Ireland eased to a 47-5 win over Samoa in its final Rugby World Cup group game on Saturday as Typhoon Hagibis battered the host nation but will have to wait until Sunday to find out who it will face in the quarterfinals.
The win — secured with seven tries including a brace from fly-half Johnny Sexton — means Ireland currently top Pool A with 16 points, ahead of Japan’s 14 and Scotland’s 10. Japan and Scotland are due to meet in Yokohama on Sunday, though the game remains in doubt because of the devastating storm.
Typhoon Hagibis made landfall on Saturday night local time as hurricane-force winds battered infrastructure and killed two people. Tokyo and nearby Yokohama are at the center of the storm.
Weekend games between New Zealand and Italy as well as France and England had already been canceled Thursday, with Saturday’s Formula One qualifying at the Japanese Grand Prix also canceled.
If Japan and Scotland are not able to play, the game will be declared a 0-0 draw with both teams receiving two points. Ireland would then play South Africa in the next round as group winners with Japan taking on New Zealand.
A resounding win
Not that Ireland were concerned with that for the 80 minutes against Samoa in Fukuoka, western Japan, some 1,100 kilometers away from Tokyo. Having already lost once in this tournament — a 19-12 defeat to Japan that few saw coming — coach Joe Schmidt’s team would have been eager to lay down a marker ahead of the knockout phase.
The first score came after just three minutes when captain and hooker Rory Best finished from the back of a driving maul.
Winger Jacob Stockdale received the Samoan restart and charged up the field where he was clattered by Seilala Lam. The referee deemed the challenge illegal and replays justified the brandished yellow card for a high shoulder.
The Irish forwards enjoyed the man advantage and dictated the early exchanges. It was another front-rower who dotted down when Tadhg Furlong scored his second try of the competition on 10 minutes. The burly prop gave a show-and-go before finishing from eight meters out.
The game threatened to become a rout when Sexton — who scored 18 points on the night — was on the receiving end of a delightful inside ball from his fullback Jordan Larmour and had an easy run to the line. Sexton converted and the score read 21-0 after 21 minutes.
That trio of tries finally galvanized the Pacific Islanders who won a line out in Irish territory and worked through several phases. Captain Jack Lam burrowed and retrieved the ball two meters out and was too strong for his opposing No. 8 CJ Stander to score.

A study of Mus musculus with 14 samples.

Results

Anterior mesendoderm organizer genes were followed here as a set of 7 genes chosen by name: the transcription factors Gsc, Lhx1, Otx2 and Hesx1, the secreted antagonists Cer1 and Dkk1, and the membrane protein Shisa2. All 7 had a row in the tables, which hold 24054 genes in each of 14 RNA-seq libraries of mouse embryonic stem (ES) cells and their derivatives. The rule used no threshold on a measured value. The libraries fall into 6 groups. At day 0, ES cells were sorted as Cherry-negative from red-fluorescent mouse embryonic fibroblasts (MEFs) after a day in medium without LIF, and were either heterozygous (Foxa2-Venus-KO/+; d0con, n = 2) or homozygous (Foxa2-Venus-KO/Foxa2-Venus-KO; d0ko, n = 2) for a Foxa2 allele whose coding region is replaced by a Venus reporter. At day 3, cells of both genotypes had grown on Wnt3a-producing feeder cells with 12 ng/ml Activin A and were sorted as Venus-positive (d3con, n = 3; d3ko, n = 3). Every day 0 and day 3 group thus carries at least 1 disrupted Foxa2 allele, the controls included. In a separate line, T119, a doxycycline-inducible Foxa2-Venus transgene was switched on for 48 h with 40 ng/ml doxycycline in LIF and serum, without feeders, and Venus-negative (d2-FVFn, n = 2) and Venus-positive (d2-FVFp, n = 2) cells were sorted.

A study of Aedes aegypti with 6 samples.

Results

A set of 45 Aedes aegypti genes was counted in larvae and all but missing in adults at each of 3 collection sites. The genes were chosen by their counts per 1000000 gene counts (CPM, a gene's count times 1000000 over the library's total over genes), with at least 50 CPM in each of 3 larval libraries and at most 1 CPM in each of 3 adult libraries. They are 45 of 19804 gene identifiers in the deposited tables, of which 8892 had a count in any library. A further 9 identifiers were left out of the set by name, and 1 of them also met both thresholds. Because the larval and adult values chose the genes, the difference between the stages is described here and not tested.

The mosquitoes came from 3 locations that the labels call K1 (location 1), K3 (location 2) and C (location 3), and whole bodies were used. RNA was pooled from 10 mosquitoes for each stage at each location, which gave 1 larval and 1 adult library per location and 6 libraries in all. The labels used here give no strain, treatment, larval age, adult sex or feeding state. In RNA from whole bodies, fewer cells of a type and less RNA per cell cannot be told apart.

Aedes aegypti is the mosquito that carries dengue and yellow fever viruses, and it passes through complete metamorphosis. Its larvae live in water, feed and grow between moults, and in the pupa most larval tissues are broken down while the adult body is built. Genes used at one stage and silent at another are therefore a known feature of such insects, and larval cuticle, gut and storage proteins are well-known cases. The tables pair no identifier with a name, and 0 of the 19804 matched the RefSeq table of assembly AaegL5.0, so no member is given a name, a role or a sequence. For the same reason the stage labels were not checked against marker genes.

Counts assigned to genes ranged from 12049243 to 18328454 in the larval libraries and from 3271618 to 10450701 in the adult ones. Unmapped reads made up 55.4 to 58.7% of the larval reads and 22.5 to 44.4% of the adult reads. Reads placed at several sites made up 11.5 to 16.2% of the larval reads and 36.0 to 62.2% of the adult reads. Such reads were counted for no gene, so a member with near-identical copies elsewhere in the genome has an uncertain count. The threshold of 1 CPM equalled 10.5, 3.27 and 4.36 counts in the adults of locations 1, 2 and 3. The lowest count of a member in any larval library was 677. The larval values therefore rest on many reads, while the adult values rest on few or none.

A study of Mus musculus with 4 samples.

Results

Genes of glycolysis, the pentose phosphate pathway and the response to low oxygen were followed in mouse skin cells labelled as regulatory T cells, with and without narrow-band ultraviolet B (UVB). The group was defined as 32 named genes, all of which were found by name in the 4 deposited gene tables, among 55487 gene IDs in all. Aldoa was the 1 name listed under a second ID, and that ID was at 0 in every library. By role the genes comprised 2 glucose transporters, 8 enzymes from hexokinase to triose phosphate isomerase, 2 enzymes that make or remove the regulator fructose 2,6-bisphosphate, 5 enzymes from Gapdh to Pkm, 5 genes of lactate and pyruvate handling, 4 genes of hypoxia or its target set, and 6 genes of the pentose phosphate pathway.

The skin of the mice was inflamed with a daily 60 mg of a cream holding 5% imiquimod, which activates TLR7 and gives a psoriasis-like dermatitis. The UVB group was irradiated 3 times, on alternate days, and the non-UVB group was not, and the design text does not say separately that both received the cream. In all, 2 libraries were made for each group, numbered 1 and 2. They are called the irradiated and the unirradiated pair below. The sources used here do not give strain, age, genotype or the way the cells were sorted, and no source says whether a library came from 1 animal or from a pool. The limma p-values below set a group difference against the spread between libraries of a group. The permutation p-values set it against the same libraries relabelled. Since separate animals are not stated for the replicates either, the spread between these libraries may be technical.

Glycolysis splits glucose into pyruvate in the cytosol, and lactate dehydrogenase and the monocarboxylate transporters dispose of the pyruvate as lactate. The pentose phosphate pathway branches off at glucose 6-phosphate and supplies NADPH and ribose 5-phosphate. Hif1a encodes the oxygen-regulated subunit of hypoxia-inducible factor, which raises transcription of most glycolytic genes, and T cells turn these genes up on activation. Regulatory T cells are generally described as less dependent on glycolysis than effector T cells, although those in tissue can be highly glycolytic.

That proved to be a momentum shift and the pendulum swung even further towards the men in blue when Ireland’s inside center Bundee Aki was shown a straight red for a dangerous tackle on fly-half Ulupano Seuteni. There appeared no malice in the act, but referees are under strict instruction to harshly punish errant shoulders that make contact with the head or face.
Ireland were forced to consolidate with a man down but grew back in the game as the halftime whistle approached. The bonus point for four tries scored was made safe just before the interval when Sexton had his second after a well worked move from a scrum. He missed the extra points from the conversion as he led his team into the break 26-5 ahead.
Sterner tests await
Though depleted in the backs, the Irish forwards continued to dominate and they folded the Samoan pack from a scrum on 48 minutes. The resulting penalty was quickly taken and neat interplay saw Larmour achieve a deserving five-pointer. Sexton slotted the extras in his last act of the match.
Two more Irish tries — from Stander and replacement Andrew Conway — meant the 2018 Six Nations champions registered their highest score in Japan.
Ireland will face tougher opposition in the next round as it seeks to reach the semifinals of a World Cup for the first time in its history. New Zealand’s All Blacks or South Africa’s Springboks await. Which one will be determined by the eventual outcome in Japan and Scotland.